Microsoft's Racial Equity Initiative, founded in 2020, has pledged more than $500 million toward creating tech opportunities in underserved communities

Black-owned suppliers partnered with Microsoft creating pathways for racialized students in tech
Forest Hayes of Harborstone Credit Union, left, and Angela Troy, second from right, advised and mentored University of Washington Foster School of Business students in the creation of a marketing plan for Keuna Barfield, CEO of Seattle-based real-estate company, The Kee Group. ANGELA TROY PHOTO 

As Microsoft has looked to double the number of Black suppliers it works with and spend $500 million more with existing and new partners, entrepreneurs like Angela Troy have benefitted.

Troy, whose firm, Troy Consulting, has been a preferred supplier with Microsoft since 2006 and was named the company’s Diverse Supplier of the Year in 2022, provides customers, including Microsoft, with professional services, management consulting and contract staffing.

Now she’s paying it forward by using her experience to mentor business students at the University of Washington, advising them on class projects to support minority-owned businesses.

“Corporate culture is very complex, so new suppliers must understand the process so they’re ready to jump in and be successful,” Troy told Microsoft. “It’s fulfilling to contribute to both student professional coaching and business growth. When students and other diverse suppliers understand that you’re a Microsoft supplier, that brings a level of respect, and it allows them to see that we have the calibre to work in this field, and we’re a strong consultancy. It's immediate credibility, and we’ve earned it.”

By providing insights on how to help Black and racialized suppliers, Troy has created a pathway for Latinx, and Indigenous engineers and business professionals too.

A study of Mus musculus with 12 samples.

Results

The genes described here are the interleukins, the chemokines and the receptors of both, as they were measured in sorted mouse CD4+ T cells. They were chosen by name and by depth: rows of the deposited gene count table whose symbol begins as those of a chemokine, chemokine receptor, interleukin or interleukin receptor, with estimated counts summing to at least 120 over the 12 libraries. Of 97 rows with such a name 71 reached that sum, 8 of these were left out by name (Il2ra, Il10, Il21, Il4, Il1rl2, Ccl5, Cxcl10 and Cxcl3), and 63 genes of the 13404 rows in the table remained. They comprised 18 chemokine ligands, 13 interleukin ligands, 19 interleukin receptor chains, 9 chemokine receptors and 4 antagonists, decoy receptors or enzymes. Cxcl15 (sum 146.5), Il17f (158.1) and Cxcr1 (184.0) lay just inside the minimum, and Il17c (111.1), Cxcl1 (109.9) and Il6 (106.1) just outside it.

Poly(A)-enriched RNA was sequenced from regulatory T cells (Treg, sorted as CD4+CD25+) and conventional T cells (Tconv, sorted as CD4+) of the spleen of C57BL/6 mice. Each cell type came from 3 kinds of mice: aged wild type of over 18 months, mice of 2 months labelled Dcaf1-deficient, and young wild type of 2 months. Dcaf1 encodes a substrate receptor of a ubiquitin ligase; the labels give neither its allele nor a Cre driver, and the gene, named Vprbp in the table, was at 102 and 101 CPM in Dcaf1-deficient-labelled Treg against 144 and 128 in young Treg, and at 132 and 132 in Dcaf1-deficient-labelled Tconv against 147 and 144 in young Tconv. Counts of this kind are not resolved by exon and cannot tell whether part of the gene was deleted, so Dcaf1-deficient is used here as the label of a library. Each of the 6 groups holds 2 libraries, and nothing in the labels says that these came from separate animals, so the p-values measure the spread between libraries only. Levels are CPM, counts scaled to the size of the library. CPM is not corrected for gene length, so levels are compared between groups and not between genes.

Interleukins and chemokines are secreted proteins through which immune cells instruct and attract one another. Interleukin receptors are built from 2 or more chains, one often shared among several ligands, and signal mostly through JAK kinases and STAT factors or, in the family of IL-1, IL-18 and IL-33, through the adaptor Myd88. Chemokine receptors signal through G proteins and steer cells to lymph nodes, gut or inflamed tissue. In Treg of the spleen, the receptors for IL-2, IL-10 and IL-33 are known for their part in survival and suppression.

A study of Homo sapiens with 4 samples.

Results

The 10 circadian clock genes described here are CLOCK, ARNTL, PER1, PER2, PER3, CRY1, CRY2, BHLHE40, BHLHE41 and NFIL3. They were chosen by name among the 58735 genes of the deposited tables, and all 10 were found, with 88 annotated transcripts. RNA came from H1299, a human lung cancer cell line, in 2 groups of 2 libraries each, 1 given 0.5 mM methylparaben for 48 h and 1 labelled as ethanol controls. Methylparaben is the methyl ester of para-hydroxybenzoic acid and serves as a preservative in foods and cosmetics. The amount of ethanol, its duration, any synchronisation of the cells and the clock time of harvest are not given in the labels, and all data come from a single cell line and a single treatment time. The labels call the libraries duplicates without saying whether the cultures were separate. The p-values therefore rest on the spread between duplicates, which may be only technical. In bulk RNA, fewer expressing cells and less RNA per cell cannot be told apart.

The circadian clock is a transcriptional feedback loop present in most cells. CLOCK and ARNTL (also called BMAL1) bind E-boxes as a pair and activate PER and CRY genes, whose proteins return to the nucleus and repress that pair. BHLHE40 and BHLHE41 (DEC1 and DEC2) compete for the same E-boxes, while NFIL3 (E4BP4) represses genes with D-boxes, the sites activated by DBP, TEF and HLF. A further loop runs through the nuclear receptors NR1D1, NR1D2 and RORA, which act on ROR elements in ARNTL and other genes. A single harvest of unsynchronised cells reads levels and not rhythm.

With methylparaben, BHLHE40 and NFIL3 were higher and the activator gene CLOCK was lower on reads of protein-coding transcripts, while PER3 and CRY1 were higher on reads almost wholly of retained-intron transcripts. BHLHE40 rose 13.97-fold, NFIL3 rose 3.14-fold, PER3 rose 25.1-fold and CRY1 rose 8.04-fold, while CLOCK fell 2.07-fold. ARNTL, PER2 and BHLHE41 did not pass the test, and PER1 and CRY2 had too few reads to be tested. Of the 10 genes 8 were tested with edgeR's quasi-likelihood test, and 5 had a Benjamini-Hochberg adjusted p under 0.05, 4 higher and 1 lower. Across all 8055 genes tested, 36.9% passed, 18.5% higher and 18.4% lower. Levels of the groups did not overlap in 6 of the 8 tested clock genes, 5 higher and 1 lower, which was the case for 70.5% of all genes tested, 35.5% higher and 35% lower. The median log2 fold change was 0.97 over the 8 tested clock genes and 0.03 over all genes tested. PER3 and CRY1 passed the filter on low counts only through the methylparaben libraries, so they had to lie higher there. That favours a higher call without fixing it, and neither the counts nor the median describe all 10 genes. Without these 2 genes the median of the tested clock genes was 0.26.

Several years ago, she hosted a dinner introducing 60 low-income engineering students. And recently, she guided six students this year who developed a marketing strategy for a local Black- and woman-owned real-estate company.

Lisa S. Jones, founder and CEO of EyeMail. LISA S. JONES PHOTO

Meanwhile, Lisa S. Jones, who has partnered with Microsoft for 15 years, also leverages sponsorships for women in technology.

Her Atlanta-based marketing technology firm, EyeMail, is a patent-pending platform that enables videos to play automatically in emails.

The company integrated video in email marketing communications for the Windows 11 launch in 2021. She’s also gone on to do other projects for Microsoft and other large corporations.

“I started crying when I got my first contract with Microsoft because I was full of gratitude,” Jones told Microsoft. “Everyone told me, ‘You’re a woman, you’re a Black woman, you’re from Alabama, you don’t have the right network, you’re not a coder’ — I could go on and on. But I said, ‘I am going to make it.’

“So, when I was awarded the Microsoft contract, and the supplier number, the whole process of onboarding was fabulous, and it was exhilarating,” Jones added. “We have a lot of Fortune 500 customers on our roster now, and there are so many tangible and intangible benefits to this relationship that continue to evolve and show up.”

In 2009, Microsoft helped found Kobie Hatcher’s consulting firm, Cyborg Mobile, to supply corporations with technology consulting services.

Hatcher started his career as an educator before entering the tech sector and worked in product development for several Fortune 500 companies.

Kobie Hatcher, founder of consulting firm, Cyborg Mobile and creator of the New Technologists Academy. KOBIE HATCHER PHOTO

He drew from that background to create the New Technologists Academy. The program, co-sponsored by Microsoft, reaches out to community organizations and first- and second-year students at schools often overlooked in conventional recruitment efforts, such as community colleges, historically Black colleges and universities (HBCUs).

Hatcher said almost three times as many 500 New Technologists participants have graduated from college since 2015 (98 per cent), and many have worked at IT firms across the U.S., according to Microsoft.

“We aimed to transcend traditional notions of diversity by embracing a wide array of talents, problem-solving techniques and lived experiences,” Hatcher told Microsoft. “Our goal was to tap into the vast well of untapped potential and infuse it into the product development process.

“Because we are from these communities and have established careers in the tech sector ourselves, we can credibly say to aspiring technologists, ‘You have what it takes to thrive in the tech industry,’ and so we’re having a legit impact on the community at large,” Hatcher added. “It’s unique, it’s amazing, and it’s incredibly effective. And now we’ve proven after all these years that the constraint is not a shortage of talent but a shortage of opportunity.”